By Zhao Xu | China Daily | Updated: 2013-06-30 07:38

Homegrown, and proud

Homegrown, and proud

 Homegrown, and proud

Yao Chen (left) on the cover of Elle, wearing a Christina Lau design and (right) Masha Ma's sculptural creations have been shown regularly in London and Paris. Photos Provided to China Daily

Homegrown, and proud

Are local designers holding their own? They are, if given the chance. Zhao Xu looks at a few examples of budding talents breaking new ground.

Jiang Yi isn't a rookie, not in terms of experience. His boutique is a short distance from the copycat paradise that is Yashow Market in Beijing's Sanlitun shopping, bar and restaurant enclave. And it's been there for well over a decade, growing at its own unhurried pace, unaffected by the area's exploding changes. That is, until four months ago. One of Jiang's signature East-meets-West brocade designs appeared on the cover of the February edition of Chinese Esquire, worn by none other than Zhang Ziyi, currently China's brightest export to Hollywood. The cover showed Zhang posing samurai-style, showing a tantalizing glimpse of the blood red lining of the gold and black robe.

It has not gone unnoticed. At a recent fitting session with a new client at the boutique, the shop assistant was asked - rather discreetly while Jiang was away - whether he was the designer who had dressed the Crouching Tiger Hidden Dragon actress for the cover shot.

These days, the immense power of leading fashion magazines has been increasingly tapped by independent Chinese designers, especially the young ones, among whom are the "Saint Martins clan", those who studied at the prestigious London-based fashion academy.

With the confidence to match their talents, these aspiring couture stars think nothing of toiling in a back-alley workshop for years while waiting for that moment of recognition.

Diligence and perseverance are their keywords. More and more, the speed of their success reflects the growth of the industry, where production lines unload a new collection every season.

To dress a real star for a photo shoot with a top fashion magazine read by hundreds of thousands of eager trend-followers is the shortest of short cuts to fame. But who gets chosen and how?

"The works need to be visually strong and assertive," says Yu Kun, veteran fashion editor at Cosmopolitan, one of the "big five" in fashion publications, the other four being Vogue, Elle, Bazaar and Marie Claire.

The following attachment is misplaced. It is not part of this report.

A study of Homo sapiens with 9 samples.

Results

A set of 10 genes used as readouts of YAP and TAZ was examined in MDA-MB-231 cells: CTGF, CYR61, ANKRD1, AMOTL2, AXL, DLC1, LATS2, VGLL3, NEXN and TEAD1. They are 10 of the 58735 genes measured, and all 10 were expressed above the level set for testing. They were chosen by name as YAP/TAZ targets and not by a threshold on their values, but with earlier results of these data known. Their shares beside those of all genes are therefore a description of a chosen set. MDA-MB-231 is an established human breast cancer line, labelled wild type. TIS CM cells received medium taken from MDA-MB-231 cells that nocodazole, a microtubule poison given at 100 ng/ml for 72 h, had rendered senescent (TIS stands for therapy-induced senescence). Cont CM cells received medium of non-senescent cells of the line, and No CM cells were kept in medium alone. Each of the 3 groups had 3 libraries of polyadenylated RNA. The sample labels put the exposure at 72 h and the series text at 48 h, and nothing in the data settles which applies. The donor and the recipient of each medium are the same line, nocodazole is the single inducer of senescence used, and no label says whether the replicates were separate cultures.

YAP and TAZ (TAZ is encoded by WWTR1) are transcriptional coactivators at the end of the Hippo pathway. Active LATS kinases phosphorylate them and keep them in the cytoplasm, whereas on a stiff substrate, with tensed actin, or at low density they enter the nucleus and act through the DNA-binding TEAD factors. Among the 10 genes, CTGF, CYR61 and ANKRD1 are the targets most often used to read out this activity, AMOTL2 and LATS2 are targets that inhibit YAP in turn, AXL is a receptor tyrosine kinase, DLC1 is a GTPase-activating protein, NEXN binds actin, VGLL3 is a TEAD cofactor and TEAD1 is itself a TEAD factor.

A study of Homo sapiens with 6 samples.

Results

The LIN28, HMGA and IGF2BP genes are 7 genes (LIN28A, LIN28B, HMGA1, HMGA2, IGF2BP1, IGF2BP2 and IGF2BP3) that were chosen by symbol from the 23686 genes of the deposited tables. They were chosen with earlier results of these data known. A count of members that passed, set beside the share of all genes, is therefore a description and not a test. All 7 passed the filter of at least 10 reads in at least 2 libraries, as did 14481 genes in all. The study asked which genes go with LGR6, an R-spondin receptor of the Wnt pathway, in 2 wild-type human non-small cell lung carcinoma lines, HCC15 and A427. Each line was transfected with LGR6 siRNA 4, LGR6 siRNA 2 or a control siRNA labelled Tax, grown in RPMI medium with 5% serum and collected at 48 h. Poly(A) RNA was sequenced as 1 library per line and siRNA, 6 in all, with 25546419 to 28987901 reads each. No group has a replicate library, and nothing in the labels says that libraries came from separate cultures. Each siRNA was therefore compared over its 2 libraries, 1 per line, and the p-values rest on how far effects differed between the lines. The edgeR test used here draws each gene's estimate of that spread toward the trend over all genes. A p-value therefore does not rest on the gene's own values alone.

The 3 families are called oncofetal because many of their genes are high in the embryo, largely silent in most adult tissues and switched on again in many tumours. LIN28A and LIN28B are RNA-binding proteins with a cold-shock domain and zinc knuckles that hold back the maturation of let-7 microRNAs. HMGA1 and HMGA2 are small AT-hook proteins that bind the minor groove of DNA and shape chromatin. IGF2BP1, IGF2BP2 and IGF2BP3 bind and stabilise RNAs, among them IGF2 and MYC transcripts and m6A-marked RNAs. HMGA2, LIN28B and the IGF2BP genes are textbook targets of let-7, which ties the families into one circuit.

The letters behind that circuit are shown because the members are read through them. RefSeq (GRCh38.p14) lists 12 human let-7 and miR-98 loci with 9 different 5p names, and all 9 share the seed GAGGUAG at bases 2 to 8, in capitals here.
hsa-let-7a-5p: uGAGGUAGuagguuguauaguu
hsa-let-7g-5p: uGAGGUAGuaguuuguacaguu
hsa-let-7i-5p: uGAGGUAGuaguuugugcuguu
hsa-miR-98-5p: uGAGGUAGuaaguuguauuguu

"The picture in this case is about the star, the clothes, and ultimately, fashion photography as a form of art. And art likes to take extreme forms."

In other words, one can go for the minimal or the maximum, but never the middle road.

Homegrown, and proud

Invisible seams and good construction is essential, but clothes that get chosen must have a voice, and a pedigree.

Christina Lau fits the bill. She is a Beijing native trained at the Central Saint Martins College of Arts and Design and known for her customized fabrics printed with her own hand-painted insects and circus monkeys.

In the past months, her creations have appeared on Li Bingbing and Yao Chen, both red hot on the celebrity index, and on the covers of Chinese Vogue and Elle respectively.

"My designs are conversational pieces, with color and a pinch of humor. They attract attention for the stars," says the designer, who only turned to dressmaking after initially training in textile design.

Cosmopolitan editor Yu says that local designers need to be alert and responsive to the trends on international catwalks for their works to be featured in major fashion magazines. That's in addition to their own potent and personal aesthetics.

"As style leaders, we are supposed to show on our pages designs that are not only beautiful, but also forward-looking," he says, adding the industry has become more concept-driven over the past years.

One example is Masha Ma, Liu's alumnus at Saint Martins who has been showing her sophisticated sculptural creations regularly in London and Paris since she graduated in 2008.

The designer recently dressed Zhang Ziyi for her photo shoot with Chinese Vogue and Zhou Xun for Chinese Bazaar.

Talent matters hugely, but personal contacts count, says Yu.

"For any such photo shoot, I probably have more than 50 independent designers to choose from, and the names that jump to mind are invariably those I know personally.

"It's all very well for a designer to confine himself or herself to a peaceful courtyard atelier, but believe me, time invested in socializing with people in the magazine circles pays off."

Lau, whose media exposure these days often inspires envy, knows all about it.

"Sales are up 20 to 30 percent each season," she says, looking over the color-saturated, Matisse-inspired new arrivals in her Beijing boutique which are flying off the racks.

Jiang Yi, who scored his Esquire cover thanks to a high-profile photographer friend, seems to relish the moment more for its own sake.

"Business aside, to have my design worn by a beautiful star and photographed by someone who has an eye for beauty is in itself a huge compliment."